MIS Chapter 4 – Information Systems management & StrFullscreen Mode



Chapter Four: Information Systems Management & Strategy

Learning Objectives

By the end of this chapter the learner shall be able to;

1. Identify and describe important features of organizations that managers need to know about in order to build and use information systems successfully.
2. Evaluate the impact of information systems on organizations.
3. Assess how information systems support the activities of managers in organizations.
4. Analyze how information systems support various business strategies for competitive advantage.
5. Assess the challenges posed by strategic information systems and management solutions.

4.1. Organizations and Information Systems

Information systems and organizations influences each other. IS are built by managers to serve the interests of the business firm.
The interaction between IT and organization is complex and is influenced by many mediating factors including the organization’s structure, business processes politics, culture, surrounding environment and management decisions

4.2 What Is an Organization?

An organization is a stable, formal social structure that takes resources from the environment and processes them to produce outputs. This technical definition focuses on three elements of an organization. Capital and labor are primary production factors provided by the environment. The organization (the firm) transforms these inputs into products ” and services in a production function.

An organization is more stable than an informal group (such as a group of friends that meets every Friday for lunch) in terms of longevity and routineness. Organizations are formal legal entities with internal rules and procedures, which must abide by laws. Organizations are also social structures because they are a collection of social elements,
much as a machine has a structure a particular arrangement of valves, cams, shafts, and other parts.
This definition of organizations is powerful and simple, but it is not very descriptive or even predictive of real-world organizations. A more realistic behavioral definition of an, organization is that it is a collection of rights, privileges, obligations, and responsibilities that is delicately balanced over a period of time through conflict and conflict resolution. In this behavioral view of the firm, people who work in organizations develop customary ways of working; they gain attachments to existing relationships; and they make arrangements with subordinates and superiors about how work will be done, the amount of work that will be done, and under what conditions work will be done.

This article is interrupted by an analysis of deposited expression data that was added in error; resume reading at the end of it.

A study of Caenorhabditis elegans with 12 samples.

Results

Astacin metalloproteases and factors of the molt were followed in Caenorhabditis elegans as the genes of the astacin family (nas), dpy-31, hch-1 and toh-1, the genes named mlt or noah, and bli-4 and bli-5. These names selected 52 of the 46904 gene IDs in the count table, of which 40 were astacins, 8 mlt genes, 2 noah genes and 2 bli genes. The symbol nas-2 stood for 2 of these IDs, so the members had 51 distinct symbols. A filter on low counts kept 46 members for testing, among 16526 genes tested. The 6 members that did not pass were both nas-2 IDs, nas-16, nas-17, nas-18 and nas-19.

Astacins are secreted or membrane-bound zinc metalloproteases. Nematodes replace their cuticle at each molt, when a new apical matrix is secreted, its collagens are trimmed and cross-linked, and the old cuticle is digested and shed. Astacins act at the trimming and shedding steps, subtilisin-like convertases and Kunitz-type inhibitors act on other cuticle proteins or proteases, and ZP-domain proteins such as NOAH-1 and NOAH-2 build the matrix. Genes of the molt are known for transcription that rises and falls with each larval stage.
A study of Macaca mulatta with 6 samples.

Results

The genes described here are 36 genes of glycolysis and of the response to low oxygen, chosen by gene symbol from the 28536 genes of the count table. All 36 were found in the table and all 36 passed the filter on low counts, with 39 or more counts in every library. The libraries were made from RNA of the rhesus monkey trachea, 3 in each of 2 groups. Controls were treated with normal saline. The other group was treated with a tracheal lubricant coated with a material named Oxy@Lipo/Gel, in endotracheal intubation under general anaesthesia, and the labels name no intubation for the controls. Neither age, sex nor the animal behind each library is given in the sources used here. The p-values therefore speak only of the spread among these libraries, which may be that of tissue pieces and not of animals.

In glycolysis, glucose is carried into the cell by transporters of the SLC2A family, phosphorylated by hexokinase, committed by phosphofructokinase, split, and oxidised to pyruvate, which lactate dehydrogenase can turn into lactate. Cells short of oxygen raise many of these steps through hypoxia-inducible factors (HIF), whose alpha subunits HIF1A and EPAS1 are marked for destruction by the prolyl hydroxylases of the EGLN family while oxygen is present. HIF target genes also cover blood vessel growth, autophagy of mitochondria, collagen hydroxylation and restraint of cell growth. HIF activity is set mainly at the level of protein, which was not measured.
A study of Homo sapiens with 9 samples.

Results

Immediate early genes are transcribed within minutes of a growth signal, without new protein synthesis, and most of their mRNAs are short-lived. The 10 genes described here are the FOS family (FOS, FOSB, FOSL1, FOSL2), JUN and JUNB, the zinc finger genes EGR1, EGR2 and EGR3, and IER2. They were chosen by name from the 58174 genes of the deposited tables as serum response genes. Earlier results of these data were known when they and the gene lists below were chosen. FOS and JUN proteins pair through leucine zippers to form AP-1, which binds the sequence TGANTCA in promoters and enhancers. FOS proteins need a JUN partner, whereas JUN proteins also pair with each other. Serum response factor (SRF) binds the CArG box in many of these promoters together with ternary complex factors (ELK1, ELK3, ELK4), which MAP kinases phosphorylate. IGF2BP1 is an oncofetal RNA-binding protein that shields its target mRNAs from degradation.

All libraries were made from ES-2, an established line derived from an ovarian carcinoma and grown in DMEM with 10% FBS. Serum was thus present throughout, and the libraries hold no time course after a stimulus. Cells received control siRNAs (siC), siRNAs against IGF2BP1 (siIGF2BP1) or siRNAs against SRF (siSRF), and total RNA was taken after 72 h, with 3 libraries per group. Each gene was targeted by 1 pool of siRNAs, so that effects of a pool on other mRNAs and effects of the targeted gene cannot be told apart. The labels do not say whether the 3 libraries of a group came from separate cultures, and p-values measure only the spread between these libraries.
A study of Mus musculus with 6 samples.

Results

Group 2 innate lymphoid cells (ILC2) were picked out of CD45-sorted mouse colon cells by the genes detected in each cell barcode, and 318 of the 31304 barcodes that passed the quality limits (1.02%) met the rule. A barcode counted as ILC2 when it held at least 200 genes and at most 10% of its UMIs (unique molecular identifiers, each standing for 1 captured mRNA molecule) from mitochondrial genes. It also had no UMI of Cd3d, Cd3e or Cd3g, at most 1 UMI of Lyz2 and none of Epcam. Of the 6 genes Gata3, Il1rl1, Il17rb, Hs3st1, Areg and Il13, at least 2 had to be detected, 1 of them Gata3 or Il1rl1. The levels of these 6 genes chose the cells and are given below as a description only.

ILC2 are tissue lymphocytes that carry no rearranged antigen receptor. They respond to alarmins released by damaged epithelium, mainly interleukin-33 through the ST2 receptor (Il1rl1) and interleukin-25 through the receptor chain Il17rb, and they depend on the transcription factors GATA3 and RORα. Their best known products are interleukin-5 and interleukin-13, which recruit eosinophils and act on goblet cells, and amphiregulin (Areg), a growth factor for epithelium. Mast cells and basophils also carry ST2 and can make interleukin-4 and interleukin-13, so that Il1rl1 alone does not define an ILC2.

4.3 Common Features of Organizations

All modern organizations have certain characteristics;

  • They are bureaucracies with clear-cut divisions of labour and specialization.
  • They arrange specialists in a hierarchy of authority in which everyone is accountable to someone and authority is limited to specific actions governed by abstract rules or procedures.
  • Rules and procedures create a system of impartial and universal decision making.
  • Organizations try to hire and promote employees on the basis of technical qualifications and professionalism.
  • Organizations are devoted to the principle of efficiency; maximizing output using limited inputs.
  • Others include; business processes organizational culture organizational politics, surrounding environments structure, goals, constituencies and leadership styles.